BOISE, Idaho — Editor's Note: This article was originally published by the Idaho Press.
Boise’s Planning and Zoning Commission on Monday recommended the City Council approve annexations of two properties near the Murgoitio Park site. Commissioners were critical of city staff for its handling of the annexation process, which previously included plans to annex the 160-acre park site and drew much public backlash.
The city plans to annex two properties near West Victory and South Cole roads. Together, the parcels total more than 130 acres. About 4 acres is currently owned by the Boise Airport and would be designated for industrial use. The remaining 128 acres is owned by the Boise School District, which currently plans to sell at least 15 acres to a developer.
After more than an hour of public testimony, primarily in opposition to the plans, commissioners voted unanimously to recommend City Council members approve the annexations. Conditions were added, however. Commissioners recommended that the application be rewritten to clarify the property owners and recommend there be adequate time before a future hearing for the public to review the application.
“My substantive concern is with the procedure that has caused confusion and obvious upset,” said Commissioner Milt Gillespie. “I understand why that’s happened…There’s no intent to pull a fast one here. This is just a really hard process, and it’s extremely complicated, and things didn’t happen in the optimal way.”
The current request for the school district and airport property previously included an annexation request for the Murgoitio site, a large area of farmland once targeted for a regional park that the city recently considered trading to a developer. While the city backed-off the deal last month, many Southwest Boise residents — who continue to advocate for the park — remain skeptical of other annexation plans in the area.
Kathy Corless, president of the South Cole Neighborhood Association, said her organization disagrees with the 15-acre school property’s planned mixed-use designation, which would allow for a greater housing density than the surrounding area. Additionally, Corless said, and others testifying agreed, that Southwest Boise’s current groundwater supply cannot support more development.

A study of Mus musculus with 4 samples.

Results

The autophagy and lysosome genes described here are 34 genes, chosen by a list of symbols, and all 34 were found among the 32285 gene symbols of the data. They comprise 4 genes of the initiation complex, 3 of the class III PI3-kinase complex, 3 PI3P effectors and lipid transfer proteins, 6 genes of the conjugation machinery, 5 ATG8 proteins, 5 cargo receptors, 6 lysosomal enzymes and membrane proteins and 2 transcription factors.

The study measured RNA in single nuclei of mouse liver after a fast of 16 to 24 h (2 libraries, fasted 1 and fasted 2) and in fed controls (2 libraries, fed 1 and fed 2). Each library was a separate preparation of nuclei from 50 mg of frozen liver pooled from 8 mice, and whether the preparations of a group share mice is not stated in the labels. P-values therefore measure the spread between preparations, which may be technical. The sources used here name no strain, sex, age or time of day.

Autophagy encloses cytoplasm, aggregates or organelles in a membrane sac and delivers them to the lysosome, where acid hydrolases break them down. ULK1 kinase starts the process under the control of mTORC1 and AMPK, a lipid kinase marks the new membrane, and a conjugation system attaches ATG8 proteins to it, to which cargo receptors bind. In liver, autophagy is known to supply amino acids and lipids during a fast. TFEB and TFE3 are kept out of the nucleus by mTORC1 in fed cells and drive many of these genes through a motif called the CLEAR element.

Amid rapid population growth and a historic drought, residents of both south Ada County and Canyon County have seen their wells run dry this summer.
Boise’s Deputy Planning Director Cody Riddle said Suez, Boise’s primary water utility, which would provide water to any future homes on the school site, confirmed there is adequate water to serve a future subdivision.
Other public testimony focused on the annexation process. Vicky McIntyre was critical of a June neighborhood meeting that more than 500 people attended.
“It really wasn’t a public hearing, in my opinion,” she said. “It wasn’t asking for input, it was just asking for questions.”
Commissioner Bob Schafer said, “I don’t disagree that the city has sort of made a mess of this process,” but, he noted, there will be more applications, and public hearings, for development in the future, before anything is built on the sites.
Several commissioners agreed that the properties are in an appropriate area for annexation; they abut city limits to the north.
Commissioner Janella Finfrock said neighbors’ concerns should be addressed, and moving forward annexation requests for multiple parcels should be submitted separately, so the public has an opportunity to review them individually.
Ryan Suppe is the Boise City Hall and Treasure Valley business reporter for the Idaho Press. Contact him at 208-344-2055 (ext. 3038). Follow him on Twitter @salsuppe.